The New York Times and The Boston Globe both ran articles about the shortages of generic ADHD medicines on New Year's Day. The Times described a tug-of-war between the FDA and the DEA regarding its cause...and even its existence! A spokesman from the DEA stated that there were plenty of ADHD medicines. He went on to say that the problem was that manufacturers had chosen to make more brand name medicines rather than funneling their allotted active ingredients to the cheaper generic drugs. He did not address the fact that companies which make only generic medicines suffered equal shortages nor did he acknowledge the shortages of brand name versions as well.
According to the articles, the DEA believes that the increased demand for Adderall is principally abusive. One statement described college students taking the pills to stay up all night and liking the sensation so much that they continued to use it after they graduated. Another DEA spokesman cited the ongoing shortages of non-controlled generic medications as being evidence that DEA regulations did not contribute to the shortage of controlled generic medicines. (Manufacturers of "old fashioned" generic injectable medicines have stopped making them in favor of newer medicines that bring in more profits. This is causing problems in hospitals since the "tried and true" remedies are often safest and most effective for the majority of patients.)
The Food and Drug Administration (FDA) on the other hand, has been fielding dozens of calls every day from patients who cannot get their legitimate prescriptions filled. Spokesmen from CHADD and an organization of child psychiatrists both cited serious problems for patients who risked school failure, car crashes and job losses without their prescribed medication.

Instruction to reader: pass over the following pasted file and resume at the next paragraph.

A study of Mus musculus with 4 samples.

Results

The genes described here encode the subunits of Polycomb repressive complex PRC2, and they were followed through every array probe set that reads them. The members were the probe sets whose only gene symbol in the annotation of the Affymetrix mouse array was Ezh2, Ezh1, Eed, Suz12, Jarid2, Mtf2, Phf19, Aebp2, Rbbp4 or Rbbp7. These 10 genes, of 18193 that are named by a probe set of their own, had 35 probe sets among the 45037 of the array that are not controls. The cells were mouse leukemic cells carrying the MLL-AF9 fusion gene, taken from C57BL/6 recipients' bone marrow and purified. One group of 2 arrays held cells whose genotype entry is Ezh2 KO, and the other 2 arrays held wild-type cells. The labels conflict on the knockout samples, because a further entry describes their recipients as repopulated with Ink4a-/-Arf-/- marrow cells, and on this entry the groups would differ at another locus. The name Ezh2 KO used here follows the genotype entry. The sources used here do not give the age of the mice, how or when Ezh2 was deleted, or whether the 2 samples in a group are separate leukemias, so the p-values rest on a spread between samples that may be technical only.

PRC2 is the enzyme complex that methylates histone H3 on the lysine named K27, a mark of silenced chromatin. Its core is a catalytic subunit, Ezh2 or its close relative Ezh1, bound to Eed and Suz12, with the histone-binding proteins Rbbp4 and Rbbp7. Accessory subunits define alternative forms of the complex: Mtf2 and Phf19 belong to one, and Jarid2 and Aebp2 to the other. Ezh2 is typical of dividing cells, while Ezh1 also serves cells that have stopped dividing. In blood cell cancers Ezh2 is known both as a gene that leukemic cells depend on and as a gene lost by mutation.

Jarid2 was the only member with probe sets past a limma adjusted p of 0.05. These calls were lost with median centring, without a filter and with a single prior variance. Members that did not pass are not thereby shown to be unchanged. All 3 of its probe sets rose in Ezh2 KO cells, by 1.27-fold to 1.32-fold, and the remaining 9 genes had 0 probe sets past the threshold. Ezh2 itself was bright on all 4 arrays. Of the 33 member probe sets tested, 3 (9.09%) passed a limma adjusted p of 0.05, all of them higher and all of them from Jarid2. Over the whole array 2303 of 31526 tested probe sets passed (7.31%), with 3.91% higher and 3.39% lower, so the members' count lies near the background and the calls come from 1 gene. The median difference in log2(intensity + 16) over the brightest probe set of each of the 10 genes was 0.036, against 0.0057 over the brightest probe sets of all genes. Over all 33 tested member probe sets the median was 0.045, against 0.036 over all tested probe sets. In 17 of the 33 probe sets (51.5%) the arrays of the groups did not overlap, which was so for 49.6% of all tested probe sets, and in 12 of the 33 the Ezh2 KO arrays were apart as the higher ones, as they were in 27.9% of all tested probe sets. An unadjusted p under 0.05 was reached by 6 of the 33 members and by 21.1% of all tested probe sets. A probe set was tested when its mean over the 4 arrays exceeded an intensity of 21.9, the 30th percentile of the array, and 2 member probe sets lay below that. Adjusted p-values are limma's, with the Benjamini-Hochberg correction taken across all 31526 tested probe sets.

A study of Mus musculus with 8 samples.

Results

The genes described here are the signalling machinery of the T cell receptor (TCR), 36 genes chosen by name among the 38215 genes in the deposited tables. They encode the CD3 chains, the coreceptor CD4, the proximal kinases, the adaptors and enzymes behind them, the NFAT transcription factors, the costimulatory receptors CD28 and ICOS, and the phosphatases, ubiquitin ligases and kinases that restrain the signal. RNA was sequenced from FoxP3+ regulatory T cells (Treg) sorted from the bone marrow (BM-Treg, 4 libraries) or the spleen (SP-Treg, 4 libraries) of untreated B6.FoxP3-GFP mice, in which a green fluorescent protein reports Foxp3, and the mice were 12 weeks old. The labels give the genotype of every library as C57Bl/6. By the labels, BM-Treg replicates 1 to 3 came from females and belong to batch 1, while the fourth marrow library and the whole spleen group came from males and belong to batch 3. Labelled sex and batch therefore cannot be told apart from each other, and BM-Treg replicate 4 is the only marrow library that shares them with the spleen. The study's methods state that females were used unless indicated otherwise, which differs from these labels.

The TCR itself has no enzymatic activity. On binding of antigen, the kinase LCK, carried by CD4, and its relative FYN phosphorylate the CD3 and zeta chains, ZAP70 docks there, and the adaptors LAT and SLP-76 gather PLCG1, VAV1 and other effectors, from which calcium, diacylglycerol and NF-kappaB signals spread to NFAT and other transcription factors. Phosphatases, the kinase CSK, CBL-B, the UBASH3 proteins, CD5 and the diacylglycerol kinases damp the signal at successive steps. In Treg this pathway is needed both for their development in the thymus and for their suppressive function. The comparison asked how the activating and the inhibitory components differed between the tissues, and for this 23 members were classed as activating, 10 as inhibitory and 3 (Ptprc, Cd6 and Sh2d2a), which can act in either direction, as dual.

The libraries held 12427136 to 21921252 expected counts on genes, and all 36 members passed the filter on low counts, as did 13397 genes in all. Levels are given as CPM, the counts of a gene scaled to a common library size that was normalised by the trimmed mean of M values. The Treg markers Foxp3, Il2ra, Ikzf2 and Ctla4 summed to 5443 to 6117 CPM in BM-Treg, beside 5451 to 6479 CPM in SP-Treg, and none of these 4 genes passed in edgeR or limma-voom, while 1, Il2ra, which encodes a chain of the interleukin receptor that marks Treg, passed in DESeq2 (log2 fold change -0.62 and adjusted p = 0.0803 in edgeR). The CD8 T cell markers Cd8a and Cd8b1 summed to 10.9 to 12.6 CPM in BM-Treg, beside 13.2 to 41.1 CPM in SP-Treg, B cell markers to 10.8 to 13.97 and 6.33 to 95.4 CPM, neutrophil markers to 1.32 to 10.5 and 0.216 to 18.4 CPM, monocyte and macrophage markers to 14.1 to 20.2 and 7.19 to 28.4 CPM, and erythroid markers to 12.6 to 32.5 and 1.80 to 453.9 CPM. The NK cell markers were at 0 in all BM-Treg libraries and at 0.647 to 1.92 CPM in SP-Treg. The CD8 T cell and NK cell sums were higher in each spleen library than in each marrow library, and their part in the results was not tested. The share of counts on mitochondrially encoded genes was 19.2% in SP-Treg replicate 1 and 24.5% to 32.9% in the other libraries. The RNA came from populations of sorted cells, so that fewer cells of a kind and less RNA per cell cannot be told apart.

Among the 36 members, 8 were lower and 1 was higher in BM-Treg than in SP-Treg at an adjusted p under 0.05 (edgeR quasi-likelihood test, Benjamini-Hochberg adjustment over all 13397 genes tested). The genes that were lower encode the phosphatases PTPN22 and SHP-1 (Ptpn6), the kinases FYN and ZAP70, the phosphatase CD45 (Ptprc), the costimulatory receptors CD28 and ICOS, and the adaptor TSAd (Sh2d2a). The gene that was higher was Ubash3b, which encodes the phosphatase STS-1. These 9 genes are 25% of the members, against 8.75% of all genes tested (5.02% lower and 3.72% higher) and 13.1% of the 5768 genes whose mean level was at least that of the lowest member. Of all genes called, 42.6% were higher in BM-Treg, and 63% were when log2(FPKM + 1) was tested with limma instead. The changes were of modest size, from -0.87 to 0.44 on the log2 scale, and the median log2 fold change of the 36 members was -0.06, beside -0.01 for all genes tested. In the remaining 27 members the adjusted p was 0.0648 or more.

Personally, I am conflicted about the issue. On the one hand, there is a big problem with the abuse and misuse of stimulants. Regulation by the DEA and DPS is necessary at all levels: manufacturers, distributors, pharmacies, prescribers and consumers. The short-acting generics are more likely to be abused than are the more expensive, longer-acting medications and so there is some justification for limiting the availability of the short-acting substrates. On the other hand, some patients simply cannot afford the higher priced pills with better availability. There are also patients who do not tolerate the longer acting medicines and others for whom they do not work as well.
The good news is that regulations have allowed for more medications to be available in 2012 than were present in 2011. It remains to be seen whether the increases are sufficient to prevent any shortages... and whether abuse becomes more common. It will be interesting to review the investigations of stimulant misuse and abuse. Which side of the controversy would be supported if the number of reported violations was significantly lower than expected?